Why is buying a car such an ordeal?

7 November 2020

9:00 AM

7 November 2020

9:00 AM

Why is it so insanely difficult to buy a car? And especially if you are a woman? Part of the trouble is that car salesmen are a particularly unreconstructed breed of men who think ‘lady’ customers will be more interested in the size of the vanity mirror than the fuel consumption. But it’s not just that — it’s the fact that they treat the transaction with all the pomp and gravitas of applying for a half-million-pound mortgage.

This started back in February when I left a party (remember those?), got into my Volkswagen and set off into St James’s. Somehow I pressed the accelerator instead of the brake and drove smartly into the side of a taxi, making a serious dent. It was quite clearly my fault but, surreally, two very smartly dressed men who’d been walking along arm in arm rushed to my side and said: ‘Dear lady. Are you hurt? We will be your witnesses! We saw everything that happened!’ The taxi driver was understandably furious, but I assured him it was all my fault and gave him my name and phone number. I noticed that my car was a bit bashed at the front and thought I’d better take it to the garage but then lockdown descended and I forgot about it.

When lockdown lifted, I drove to and from the shops in my battered car until one fine day I had the bright idea of taking it to the car wash. Big mistake. When I emerged the whole front bumper had fallen off and the side light was dangling by a wire. Clearly it couldn’t carry on.

My friend Jean said why didn’t I buy a little Peugeot like hers? ‘Where did you get it?’ ‘Car Giant,’ she said. ‘It’s brilliant. You drive your old car in and drive a new car out.’ She would get her daughter Abby to take me. Abby is normally the highly sought-after DJ Philly but DJing is one of those careers killed by Covid so she was sitting around with time on her hands. She said she would love to take me to Car Giant. She asked what sort of car I wanted and I said a small automatic like Jean’s. Abby clicked on to the Car Giant website and came up with a two-year-old Peugeot for £9,000, and made an appointment for me to see it.


Have you ever been to Car Giant? It’s the size of Heathrow’s long-term car park in one of those strange wastelands off the North Circular Road. The salesman took us to a hangar to inspect the car. It looked OK. ‘I’ll take it,’ I said, producing my debit card, but of course it wasn’t so simple.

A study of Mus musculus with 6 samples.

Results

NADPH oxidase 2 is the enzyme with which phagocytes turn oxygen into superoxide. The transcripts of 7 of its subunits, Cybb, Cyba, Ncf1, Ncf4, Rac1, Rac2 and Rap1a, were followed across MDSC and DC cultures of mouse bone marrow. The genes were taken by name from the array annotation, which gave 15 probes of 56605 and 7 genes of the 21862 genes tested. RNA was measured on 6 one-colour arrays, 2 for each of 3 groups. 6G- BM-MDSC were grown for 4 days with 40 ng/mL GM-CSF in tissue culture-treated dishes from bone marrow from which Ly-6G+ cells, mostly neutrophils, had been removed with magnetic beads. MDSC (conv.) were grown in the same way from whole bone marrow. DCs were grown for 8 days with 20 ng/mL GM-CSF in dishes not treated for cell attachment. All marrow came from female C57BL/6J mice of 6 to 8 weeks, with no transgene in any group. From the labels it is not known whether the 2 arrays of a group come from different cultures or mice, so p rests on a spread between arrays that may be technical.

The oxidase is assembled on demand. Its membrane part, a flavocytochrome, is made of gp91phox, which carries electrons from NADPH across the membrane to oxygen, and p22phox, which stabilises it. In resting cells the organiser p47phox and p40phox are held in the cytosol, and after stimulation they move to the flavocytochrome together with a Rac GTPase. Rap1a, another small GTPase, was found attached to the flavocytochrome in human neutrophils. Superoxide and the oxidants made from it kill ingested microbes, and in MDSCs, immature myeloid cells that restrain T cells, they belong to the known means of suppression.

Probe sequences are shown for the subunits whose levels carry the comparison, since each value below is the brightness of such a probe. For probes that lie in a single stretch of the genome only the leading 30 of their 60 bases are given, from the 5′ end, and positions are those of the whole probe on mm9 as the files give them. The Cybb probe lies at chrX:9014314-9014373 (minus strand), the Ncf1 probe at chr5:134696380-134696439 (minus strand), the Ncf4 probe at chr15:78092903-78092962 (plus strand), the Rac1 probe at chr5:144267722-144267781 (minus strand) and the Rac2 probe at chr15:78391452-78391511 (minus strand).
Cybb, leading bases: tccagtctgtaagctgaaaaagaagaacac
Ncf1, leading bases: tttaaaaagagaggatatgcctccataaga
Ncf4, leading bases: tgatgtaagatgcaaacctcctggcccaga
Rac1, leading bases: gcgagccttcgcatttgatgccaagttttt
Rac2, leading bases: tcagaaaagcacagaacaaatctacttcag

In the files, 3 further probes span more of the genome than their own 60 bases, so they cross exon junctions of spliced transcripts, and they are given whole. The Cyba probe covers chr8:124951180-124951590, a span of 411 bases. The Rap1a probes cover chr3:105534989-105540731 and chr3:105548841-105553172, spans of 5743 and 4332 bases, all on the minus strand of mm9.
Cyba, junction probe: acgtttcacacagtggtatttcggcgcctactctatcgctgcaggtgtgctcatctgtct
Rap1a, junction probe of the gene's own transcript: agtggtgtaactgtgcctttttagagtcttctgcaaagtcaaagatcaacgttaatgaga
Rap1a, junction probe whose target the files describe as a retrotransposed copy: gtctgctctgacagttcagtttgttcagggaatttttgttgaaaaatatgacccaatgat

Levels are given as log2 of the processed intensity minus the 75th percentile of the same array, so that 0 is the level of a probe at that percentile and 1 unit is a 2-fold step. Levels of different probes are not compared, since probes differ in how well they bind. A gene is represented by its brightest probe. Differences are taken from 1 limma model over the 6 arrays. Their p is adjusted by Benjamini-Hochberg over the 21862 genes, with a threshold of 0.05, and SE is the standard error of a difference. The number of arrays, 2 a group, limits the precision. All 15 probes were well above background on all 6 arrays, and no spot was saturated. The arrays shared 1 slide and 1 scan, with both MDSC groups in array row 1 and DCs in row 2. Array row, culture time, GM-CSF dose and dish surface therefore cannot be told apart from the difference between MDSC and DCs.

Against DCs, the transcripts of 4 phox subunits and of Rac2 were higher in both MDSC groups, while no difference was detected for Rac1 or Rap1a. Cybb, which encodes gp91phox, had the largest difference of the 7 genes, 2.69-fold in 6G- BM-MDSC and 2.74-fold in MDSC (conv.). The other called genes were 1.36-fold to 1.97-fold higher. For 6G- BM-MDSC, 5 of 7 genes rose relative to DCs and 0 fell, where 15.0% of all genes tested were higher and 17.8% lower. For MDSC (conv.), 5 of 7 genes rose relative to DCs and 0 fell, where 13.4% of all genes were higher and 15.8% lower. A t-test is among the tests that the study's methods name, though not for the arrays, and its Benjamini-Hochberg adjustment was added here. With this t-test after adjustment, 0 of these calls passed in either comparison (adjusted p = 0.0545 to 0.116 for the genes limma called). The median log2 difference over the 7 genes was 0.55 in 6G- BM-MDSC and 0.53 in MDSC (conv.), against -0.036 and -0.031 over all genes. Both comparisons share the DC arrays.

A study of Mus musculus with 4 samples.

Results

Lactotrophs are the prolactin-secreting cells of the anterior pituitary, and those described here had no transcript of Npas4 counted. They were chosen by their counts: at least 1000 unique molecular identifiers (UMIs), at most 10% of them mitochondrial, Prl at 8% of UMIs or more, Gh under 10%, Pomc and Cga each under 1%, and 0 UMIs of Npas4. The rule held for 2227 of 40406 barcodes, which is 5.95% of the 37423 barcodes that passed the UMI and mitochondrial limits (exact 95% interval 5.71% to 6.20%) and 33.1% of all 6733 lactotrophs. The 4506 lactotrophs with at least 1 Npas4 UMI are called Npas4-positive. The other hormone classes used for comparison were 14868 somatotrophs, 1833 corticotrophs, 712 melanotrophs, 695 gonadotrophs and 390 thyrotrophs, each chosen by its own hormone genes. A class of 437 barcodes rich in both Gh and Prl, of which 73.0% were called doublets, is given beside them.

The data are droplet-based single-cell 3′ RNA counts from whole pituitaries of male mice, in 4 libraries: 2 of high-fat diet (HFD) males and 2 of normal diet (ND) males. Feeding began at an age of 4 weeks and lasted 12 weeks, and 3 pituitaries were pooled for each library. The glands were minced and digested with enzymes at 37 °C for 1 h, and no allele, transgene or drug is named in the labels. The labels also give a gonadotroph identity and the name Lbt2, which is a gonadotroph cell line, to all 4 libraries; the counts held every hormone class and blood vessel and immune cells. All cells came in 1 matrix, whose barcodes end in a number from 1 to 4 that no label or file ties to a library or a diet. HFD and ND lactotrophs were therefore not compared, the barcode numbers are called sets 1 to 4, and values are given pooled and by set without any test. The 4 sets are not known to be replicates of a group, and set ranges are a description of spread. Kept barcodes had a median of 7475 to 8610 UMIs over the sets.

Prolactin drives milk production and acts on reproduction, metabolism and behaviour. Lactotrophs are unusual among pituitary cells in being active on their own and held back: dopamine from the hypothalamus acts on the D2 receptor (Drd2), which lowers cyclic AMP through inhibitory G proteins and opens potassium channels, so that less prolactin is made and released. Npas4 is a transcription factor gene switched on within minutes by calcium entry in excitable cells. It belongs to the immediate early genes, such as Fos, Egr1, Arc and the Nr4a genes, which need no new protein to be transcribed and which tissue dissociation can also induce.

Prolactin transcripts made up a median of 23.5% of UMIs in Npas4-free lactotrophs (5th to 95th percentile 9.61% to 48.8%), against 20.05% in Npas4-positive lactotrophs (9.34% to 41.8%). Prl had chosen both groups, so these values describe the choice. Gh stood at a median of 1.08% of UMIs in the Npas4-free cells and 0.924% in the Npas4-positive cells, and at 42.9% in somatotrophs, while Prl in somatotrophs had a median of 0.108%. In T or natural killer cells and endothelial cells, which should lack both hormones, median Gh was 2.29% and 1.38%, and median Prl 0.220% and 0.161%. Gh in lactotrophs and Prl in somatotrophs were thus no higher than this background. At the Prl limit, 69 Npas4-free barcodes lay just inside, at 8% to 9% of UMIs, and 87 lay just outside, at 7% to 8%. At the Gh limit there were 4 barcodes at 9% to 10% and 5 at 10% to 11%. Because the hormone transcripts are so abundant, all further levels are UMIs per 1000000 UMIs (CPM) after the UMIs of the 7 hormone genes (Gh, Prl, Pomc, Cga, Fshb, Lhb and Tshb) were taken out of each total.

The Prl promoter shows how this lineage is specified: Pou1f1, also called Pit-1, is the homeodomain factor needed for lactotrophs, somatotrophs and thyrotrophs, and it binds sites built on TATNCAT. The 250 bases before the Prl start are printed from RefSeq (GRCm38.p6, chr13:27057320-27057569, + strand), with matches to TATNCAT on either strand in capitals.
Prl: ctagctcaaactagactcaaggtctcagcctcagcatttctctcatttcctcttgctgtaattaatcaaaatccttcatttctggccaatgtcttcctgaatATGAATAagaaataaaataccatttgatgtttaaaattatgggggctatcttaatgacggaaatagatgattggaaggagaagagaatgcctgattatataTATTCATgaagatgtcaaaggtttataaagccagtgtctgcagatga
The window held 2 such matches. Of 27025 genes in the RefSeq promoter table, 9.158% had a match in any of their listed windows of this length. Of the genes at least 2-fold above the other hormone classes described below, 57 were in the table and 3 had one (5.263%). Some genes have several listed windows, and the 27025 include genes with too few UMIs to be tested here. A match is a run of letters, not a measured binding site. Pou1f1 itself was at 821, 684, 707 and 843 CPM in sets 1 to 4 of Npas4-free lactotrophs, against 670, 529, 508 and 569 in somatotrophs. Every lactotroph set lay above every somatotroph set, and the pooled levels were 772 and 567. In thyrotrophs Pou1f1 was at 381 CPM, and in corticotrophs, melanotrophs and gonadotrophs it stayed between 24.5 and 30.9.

We had to plod over to the part-exchange centre while a man went to inspect my Volkswagen. Abby had asked me beforehand how much I hoped to get for it and I’d said: ‘Maybe a thousand?’ But when the man came back, shaking his head, and asked the same question, Abby said ‘£500’. ‘No!’ I exclaimed furiously, ‘I told you a thousand.’ The man said: ‘Oh no, we can’t offer you £5,000 but we can do £2,000.’ It was a bizarre negotiation but a brilliant result.

So then it was back to the sales centre to do the paperwork, which took for ever. At one point I was asked if I had some utility bills as proof of my address. But why? My address was on my driving licence and on the Volkswagen logbook. I was soon fuming with impatience, but then I remembered my lockdown resolution to stop being so grouchy and cultivate a Zen-like calm and think Nice Thoughts. So I told myself that the car salesman was being kind because he wanted to make the car-buying as ceremonious and memorable as possible.

I was doing quite well with the Nice Thoughts till he asked: ‘How long do you intend to keep this car?’ ‘For chrissake,’ I snapped. ‘It’s not like I’m buying a puppy!’ Luckily he didn’t hear me, but after that I couldn’t retrieve Zen-mode and realised that actually what he was doing was trying to keep me at his desk as long as possible so that his manager would believe he was attempting to sell me warranties.

He said my car would be ‘ready for collection’ in two hours and meanwhile we could get refreshments in the Giant Diner opposite. This was another circle of hell with a vast queuing area designed for maybe 100 customers. But in fact there were no customers and very little food. Thus we whiled away the hours till I was finally able to collect my car. The whole transaction took four hours. Why? If in a fit of madness I decided I wanted to buy a £7,000 handbag I could whisk down to Selfridges, hand over my debit card and be out of the shop in 30 minutes.

But car-buying seems to be wrapped in this almost masonic mystique. I suppose buying a car was a big event when I was young and poor but half a century later it is hard to pretend that I care. And I couldn’t have got through it without Abby.